Voir en


NA64 uses the high-energy SPS muon beam to search for dark matter

The NA64 collaboration has used a muon beam for the first time to search for dark matter and could set new limits for a potential dark Z' boson


The setup of the NA64 experiment in the SPS muon beamline

The setup of the NA64 experiment in the SPS muon beamline (called the M2 beamline). (Image: CERN)

The NA64 experiment started operations at CERN’s SPS North Area in 2016. Its aim is to search for unknown particles from a hypothetical “dark sector”. For these searches, NA64 directs an electron beam onto a fixed target. Researchers then look for unknown dark sector particles produced by collisions between the beam’s electrons and the target’s atomic nuclei.

Recently, the NA64 team started using a muon beam from the SPS to search for new particles that interact predominantly with muons – heavier versions of the electron – and could explain simultaneously the long-standing puzzle of the muon’s anomalous magnetic moment and the dark-matter (DM) problem. Their first results were accepted in the journal Physical Review Letters on 8 April.

In this paper, the NA64 collaboration sets new limits on the available parameter space – the window where the researchers could find a hypothetical dark boson Z’ coupling only to muons and tauons for given values of its mass and coupling strength. In the so-called vanilla model, the Z’ can only decay back into neutrinos and could provide an explanation of the muon’s anomalous magnetic moment puzzle. However, in extended models, it can also decay into DM candidates. This would solve the DM problem by predicting the observed relic density of DM particles created in the early universe. With these results, the NA64 collaboration demonstrates the great potential of muon beams in dark matter searches and in future new physics scenarios preferably coupled to muons.

“Muons scattering off the nuclei in the target could produce a hypothetical dark boson Z’, followed by its invisible decay into either a pair of neutrinos or a pair of dark-matter candidates, depending on the underlying model,” explains the deputy Technical Coordinator Laura Molina Bueno. “The signature of this production would be missing energy and momentum in our detectors.”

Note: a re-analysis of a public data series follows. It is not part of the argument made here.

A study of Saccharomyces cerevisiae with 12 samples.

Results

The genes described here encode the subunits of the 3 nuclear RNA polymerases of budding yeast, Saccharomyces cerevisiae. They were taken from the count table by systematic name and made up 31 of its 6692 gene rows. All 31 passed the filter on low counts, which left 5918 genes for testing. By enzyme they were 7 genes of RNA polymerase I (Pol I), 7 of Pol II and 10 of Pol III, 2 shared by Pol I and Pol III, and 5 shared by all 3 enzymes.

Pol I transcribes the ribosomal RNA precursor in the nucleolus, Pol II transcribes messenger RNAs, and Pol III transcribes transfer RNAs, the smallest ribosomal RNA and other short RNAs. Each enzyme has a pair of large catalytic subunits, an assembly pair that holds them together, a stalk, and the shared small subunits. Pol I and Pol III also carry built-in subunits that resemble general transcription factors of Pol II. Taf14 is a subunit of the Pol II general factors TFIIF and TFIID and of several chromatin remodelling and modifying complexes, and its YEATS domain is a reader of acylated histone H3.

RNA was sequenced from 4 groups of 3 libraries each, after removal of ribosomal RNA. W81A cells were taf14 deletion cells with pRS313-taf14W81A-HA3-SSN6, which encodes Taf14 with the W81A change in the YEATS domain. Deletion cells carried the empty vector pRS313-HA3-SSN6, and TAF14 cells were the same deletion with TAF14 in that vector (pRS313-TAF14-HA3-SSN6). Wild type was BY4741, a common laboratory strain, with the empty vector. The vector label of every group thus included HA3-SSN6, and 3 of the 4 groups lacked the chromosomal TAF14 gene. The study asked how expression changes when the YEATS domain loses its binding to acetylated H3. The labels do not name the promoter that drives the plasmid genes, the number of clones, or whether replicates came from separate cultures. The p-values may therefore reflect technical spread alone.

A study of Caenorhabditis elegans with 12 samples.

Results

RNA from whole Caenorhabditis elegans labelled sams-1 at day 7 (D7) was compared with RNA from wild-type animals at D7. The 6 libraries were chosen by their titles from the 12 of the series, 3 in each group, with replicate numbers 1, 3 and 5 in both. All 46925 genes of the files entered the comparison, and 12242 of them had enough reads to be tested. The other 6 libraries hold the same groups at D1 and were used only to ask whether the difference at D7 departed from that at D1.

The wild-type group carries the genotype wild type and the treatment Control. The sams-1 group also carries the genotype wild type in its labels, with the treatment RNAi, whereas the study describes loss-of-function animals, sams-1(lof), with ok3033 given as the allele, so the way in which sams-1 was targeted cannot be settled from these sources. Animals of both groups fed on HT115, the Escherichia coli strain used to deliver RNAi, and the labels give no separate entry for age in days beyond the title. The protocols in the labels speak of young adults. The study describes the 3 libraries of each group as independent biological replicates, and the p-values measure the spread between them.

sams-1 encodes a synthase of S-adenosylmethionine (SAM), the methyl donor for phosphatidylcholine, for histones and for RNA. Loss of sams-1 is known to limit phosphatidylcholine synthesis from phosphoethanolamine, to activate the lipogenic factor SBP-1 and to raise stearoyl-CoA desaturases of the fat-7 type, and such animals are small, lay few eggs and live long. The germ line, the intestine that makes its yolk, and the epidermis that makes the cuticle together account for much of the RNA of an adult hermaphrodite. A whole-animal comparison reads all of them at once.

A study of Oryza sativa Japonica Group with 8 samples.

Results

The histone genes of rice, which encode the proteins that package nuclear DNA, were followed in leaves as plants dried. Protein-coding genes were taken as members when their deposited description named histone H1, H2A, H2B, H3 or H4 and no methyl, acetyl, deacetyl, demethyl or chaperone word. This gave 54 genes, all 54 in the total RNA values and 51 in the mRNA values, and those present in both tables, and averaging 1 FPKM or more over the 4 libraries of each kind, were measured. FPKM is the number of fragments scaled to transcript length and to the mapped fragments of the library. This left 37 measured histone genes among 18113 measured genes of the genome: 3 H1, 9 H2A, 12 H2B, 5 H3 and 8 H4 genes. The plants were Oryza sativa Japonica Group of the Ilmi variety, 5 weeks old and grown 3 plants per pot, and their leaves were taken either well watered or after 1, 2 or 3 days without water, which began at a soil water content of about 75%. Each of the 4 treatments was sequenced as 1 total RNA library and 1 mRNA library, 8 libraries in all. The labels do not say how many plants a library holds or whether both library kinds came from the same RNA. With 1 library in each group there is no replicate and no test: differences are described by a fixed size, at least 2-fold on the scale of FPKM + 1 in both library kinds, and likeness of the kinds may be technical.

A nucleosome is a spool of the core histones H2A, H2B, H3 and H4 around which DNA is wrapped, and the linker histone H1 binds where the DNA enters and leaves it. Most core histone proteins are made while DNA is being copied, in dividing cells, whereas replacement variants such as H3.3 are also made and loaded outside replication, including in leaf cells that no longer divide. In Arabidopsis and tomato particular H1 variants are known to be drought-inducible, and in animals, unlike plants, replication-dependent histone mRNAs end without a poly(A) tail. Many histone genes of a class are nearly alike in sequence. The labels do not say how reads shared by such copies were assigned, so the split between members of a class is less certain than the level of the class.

To search for this, a 160 GeV tertiary muon beam derived from the primary SPS proton beam is fired onto an electromagnetic calorimeter acting as an active target. The experimentalists then search for events in which one final-state muon has a momentum lower than 80 GeV with no detectable activity in the downstream calorimeters.

As no event matching these conditions was observed in the expected signal region, the researchers were able to exclude this region and conclude that, for the first model, the only possible mass window for a dark boson Z’ to explain the g-2 muon anomaly is from 6 MeV up to 40 MeV. Their results also indicate that light thermal dark matter coupled to the standard model via a (Lmu-Ltau) Z’ cannot be heavier than 40 MeV.

NA64 is among the first experiments searching for dark sectors weakly coupled to muons. The experimentalists are confident that they will cover the available parameter space in the future by using higher beam intensities. “Using a muon beam opens a new window to explore other well-motivated new physics scenarios, such as benchmark dark-photon models, scalar portals, millicharged particles or lepton-flavour violating processes,” concludes NA64 co-Spokesperson Paolo Crivelli.